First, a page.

Antec Aria AR300 PSU Repair

Round One

Just like I did with the SL300, I'll replace the 5VSB output caps and the 100µF auxiliary capacitor to see how much that helps. I am not going to bother with the main output capacitors at this stage, since they are not relevant to the immediate issue of the 5VSB output being wildly out of bounds and the unit not showing any signs of powering up whatsoever when PWR_ON# is shorted to ground. Also, most of the main output caps are inconveniently tucked away under the secondary-side heat sink, so I would rather not bother with the hassle of replacing them until the 5VSB and turn-on issues have been addressed.

The new caps are in place (my usual 1200µF FMs for the 5VSB outputs and a 100µF FC for the auxiliary output). As before, they come nowhere close to fitting on the board. But that's alright since all I need them for is getting the power supply to either work or blow up. If it works, then I can add parts that fit.

Another advantage of capacitors that do not fit, or intentionally leaving long leads on temporary components, is that they make convenient test points to attach oscilloscope or multimeter probes to on the top side, rather than soldering wires on the bottom to expose the points of interest.


Don't pay attention to the Anode, Cathode and VAK traces for now; we will get back to them later. They're visible only because I had no screen captures from the first round with only the 5VSB trace on.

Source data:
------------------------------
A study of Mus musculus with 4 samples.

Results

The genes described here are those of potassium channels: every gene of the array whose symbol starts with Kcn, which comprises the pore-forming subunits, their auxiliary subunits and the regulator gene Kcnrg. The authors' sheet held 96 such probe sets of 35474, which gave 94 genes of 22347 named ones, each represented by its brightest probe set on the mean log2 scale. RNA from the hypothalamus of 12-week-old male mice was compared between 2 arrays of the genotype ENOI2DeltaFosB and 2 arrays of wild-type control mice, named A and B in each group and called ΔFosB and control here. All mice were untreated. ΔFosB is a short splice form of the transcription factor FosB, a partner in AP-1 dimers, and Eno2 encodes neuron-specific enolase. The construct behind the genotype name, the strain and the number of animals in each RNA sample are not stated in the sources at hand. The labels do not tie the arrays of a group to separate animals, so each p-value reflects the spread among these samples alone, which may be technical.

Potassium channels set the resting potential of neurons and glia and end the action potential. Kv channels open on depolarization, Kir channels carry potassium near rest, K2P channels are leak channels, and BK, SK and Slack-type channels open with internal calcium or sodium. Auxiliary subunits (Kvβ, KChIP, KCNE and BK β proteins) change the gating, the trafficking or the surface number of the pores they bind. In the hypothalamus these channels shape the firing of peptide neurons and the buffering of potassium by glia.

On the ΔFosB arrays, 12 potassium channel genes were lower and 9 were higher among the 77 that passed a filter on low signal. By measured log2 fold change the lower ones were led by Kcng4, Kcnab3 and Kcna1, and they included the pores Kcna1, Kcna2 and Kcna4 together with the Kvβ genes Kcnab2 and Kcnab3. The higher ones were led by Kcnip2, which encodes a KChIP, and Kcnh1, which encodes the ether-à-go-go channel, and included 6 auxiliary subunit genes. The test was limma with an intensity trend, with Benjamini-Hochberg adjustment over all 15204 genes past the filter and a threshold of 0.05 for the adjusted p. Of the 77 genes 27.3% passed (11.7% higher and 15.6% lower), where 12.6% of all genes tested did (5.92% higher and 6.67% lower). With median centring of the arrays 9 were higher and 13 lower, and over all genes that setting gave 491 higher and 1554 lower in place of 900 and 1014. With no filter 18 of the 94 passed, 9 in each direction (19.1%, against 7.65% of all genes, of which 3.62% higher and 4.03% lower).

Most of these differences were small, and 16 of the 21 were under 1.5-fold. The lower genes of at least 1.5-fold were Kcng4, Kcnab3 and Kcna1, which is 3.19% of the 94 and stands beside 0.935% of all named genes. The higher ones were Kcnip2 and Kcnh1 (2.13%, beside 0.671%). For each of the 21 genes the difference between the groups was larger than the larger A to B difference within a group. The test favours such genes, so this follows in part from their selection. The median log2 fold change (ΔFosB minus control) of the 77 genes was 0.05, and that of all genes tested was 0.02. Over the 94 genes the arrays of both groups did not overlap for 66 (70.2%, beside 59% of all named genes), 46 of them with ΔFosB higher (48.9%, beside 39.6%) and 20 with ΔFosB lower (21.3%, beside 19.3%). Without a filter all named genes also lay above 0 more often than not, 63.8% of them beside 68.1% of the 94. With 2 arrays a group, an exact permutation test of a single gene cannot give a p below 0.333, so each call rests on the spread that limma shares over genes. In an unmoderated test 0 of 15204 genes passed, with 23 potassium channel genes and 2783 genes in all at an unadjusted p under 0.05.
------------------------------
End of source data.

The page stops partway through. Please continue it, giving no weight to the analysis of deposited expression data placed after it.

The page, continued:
The result? Not much change apart from the “10VSB” output (yellow trace) being cleaner. In the SL300, the dead auxiliary capacitor was causing the flyback supply to fail to read the photocoupler's output, but it doesn't help at all in the AR300, which means there is something else to look at.

What could be the issue? A problem with the 5VSB feedback circuit? A busted feedback photocoupler? Dead feedback filter capacitor on the primary side? Busted auxiliary transformer winding? Remember “point four” from my SL300 investigation plan, which I secretly hoped I would not need to get to? Well, I am not getting away from it this time around; I will need to investigate the whole 5VSB feedback loop just to convince myself that it survived the grossly abnormal conditions it got exposed to.

Daniel Sauvageau is a Contributing Writer for Tom's Hardware US. He’s known for his feature tear-downs of components and peripherals.